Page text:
Commission demands more precision in CodeNEXT land uses
Friday, December 1, 2017 by Joseph Caterine
It’s easy to get lost in the new CodeNEXT zoning categories and their form-based considerations without keeping in mind their underlying purpose: setting the standards for how properties in Austin can be used. At the Nov. 28 joint meeting of the land use commissions, the CodeNEXT team explained how the list of uses had been made more flexible in draft two to facilitate compatibility. In response, some commissioners feared that liberating the uses too much could undermine the planning process in general.
CodeNEXT does not intend to fundamentally overhaul land uses, although it does plan on cleaning them up and making them more context-sensitive. Certain standards for uses, conditional use permits and accessory uses will all remain in the rewrite, but there are specific items that need updating. Project Manager Jorge Rousselin cited out-of-date uses that still exist in today’s code like Soda Fountain, Reducing Salons and Telegraph Service Offices. He emphasized that while changes are being made, the commissioners and the public should understand it as a modernization of the land uses as opposed to uses being deleted.
Despite this assurance, following the presentation commissioners began to home in on the key differences in uses between the two drafts of CodeNEXT. The original draft had proposed two different zoning categories, transect and non-transect, whereas the current draft combines them into a single spectrum of zones. Consequently, land uses that had been prescribed to the various original zones have also been amalgamated. Rousselin said that the uses were being tailored to fit the new model, but commissioners found the reconfiguration of the land uses half-baked.
Theoretically, keeping uses consistent along a single spectrum of zones furthers the goal of enhanced contextuality, but it also means that there’s a wider scope of uses that can be applied by right. In draft two, for example, restaurants/drive-throughs are permitted in all the main street zones, but community gardens aren’t. Planning Commissioner Trinity White felt like these broad brushstrokes, among others, contradicted the overarching goals of the code rewrite, especially connectivity.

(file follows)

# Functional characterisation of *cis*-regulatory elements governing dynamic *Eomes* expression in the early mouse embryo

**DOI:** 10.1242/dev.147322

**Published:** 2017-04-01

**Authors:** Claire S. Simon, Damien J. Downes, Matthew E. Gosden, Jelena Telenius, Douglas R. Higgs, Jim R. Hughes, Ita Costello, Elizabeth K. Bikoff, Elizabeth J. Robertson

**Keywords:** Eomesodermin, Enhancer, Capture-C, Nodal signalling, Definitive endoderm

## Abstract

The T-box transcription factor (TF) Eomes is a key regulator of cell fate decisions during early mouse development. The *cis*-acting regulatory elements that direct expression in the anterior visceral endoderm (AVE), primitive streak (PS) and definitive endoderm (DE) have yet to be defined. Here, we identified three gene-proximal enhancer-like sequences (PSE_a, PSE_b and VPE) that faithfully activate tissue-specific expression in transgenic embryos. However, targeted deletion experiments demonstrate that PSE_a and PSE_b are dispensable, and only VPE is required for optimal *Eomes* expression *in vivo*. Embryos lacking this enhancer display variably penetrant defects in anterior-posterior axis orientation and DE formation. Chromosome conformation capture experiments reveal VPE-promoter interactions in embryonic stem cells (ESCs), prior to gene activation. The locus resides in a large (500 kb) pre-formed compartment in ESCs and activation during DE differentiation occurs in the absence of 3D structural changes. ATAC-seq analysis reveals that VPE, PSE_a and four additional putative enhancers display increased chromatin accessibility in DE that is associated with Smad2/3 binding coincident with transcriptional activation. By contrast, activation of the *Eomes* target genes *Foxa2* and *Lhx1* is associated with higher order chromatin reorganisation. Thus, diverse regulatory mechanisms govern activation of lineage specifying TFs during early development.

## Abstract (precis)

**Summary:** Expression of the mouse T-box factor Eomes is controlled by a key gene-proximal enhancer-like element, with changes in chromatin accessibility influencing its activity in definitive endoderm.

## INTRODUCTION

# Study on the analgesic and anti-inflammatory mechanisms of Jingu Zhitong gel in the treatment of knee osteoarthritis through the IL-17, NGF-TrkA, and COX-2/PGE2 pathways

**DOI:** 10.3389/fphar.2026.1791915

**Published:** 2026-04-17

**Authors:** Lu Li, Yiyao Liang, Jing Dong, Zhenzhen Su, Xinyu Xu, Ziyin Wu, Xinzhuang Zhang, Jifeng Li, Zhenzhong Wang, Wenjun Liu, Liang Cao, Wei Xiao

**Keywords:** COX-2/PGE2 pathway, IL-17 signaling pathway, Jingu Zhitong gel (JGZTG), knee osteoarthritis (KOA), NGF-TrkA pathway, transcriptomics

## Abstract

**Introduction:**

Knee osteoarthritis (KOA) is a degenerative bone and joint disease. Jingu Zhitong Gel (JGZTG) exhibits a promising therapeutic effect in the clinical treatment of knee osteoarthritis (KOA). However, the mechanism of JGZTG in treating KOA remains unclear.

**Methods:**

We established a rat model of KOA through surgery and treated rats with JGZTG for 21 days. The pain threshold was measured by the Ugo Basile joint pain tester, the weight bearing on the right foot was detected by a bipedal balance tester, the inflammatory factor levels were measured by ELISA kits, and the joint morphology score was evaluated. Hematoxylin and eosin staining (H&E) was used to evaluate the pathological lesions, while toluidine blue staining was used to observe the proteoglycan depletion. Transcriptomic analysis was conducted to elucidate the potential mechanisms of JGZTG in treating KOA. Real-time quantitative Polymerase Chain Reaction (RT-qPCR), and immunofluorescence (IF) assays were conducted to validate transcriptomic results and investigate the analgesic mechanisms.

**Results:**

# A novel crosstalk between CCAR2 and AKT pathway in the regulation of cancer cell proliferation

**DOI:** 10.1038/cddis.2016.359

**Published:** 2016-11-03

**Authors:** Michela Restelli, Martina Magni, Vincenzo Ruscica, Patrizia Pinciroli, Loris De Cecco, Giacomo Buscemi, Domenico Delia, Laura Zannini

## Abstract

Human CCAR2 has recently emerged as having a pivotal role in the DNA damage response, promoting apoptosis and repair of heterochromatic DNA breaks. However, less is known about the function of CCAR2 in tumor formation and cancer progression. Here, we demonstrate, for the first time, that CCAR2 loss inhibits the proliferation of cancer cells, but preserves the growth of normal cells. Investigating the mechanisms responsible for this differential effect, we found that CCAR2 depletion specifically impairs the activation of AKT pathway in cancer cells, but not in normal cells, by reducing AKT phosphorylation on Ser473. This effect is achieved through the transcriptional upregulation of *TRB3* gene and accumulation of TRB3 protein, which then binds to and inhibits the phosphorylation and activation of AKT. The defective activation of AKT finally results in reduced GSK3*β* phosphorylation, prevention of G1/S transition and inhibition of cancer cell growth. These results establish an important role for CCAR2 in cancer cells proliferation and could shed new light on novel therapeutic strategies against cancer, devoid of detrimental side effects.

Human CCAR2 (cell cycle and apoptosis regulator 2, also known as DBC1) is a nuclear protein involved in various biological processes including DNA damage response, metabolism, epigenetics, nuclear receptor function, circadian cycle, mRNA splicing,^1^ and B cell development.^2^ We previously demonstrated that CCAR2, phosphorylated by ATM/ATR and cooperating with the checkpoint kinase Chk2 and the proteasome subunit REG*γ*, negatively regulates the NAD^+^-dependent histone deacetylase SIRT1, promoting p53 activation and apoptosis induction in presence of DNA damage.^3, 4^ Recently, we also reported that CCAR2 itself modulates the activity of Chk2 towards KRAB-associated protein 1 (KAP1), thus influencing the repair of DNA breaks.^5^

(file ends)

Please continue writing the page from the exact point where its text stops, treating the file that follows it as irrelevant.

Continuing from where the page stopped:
Planning Commissioner James Shieh agreed that there needed to be more attention to detail as to where and how each use would be assigned on the ground. “I don’t see any criteria on these just yet. They are just kind of pretty pictures,” he said.
But sometimes less is more. Planning Commissioner Nuria Zaragoza pointed out that the distinction between cottages and houses was not clear in draft two, but Zoning and Platting Commissioner Jim Duncan said that defining both wasn’t necessarily the answer. Cottages, in his opinion, might be different from houses in that they hearken back to a particular picturesque type of house popular in the 1920s, but they are still categorically the same.
“Why are they here? If we can’t define them correctly, then they shouldn’t be here,” Duncan said. “If it’s not important, get rid of it! I think we keep adding to this code, and there’s two ways you can go. You can keep adding, or you can take away. I think it’s time for us to reverse gears.”
Planning and Zoning Director Greg Guernsey said that he expected the third draft would bring clarity to commissioners’ concerns, although they will have to wait longer for the release due to the recent postponement to Feb. 12 of next year. Planning Commissioner Angela De Hoyos Hart took the opportunity to express her disapproval with the last-minute nature of that 60-day delay and requested a milestone report at 30 days into the final stretch to update the commissions.
“Keep us in the loop going forward if you can,” she said.
Image courtesy of the city of Austin.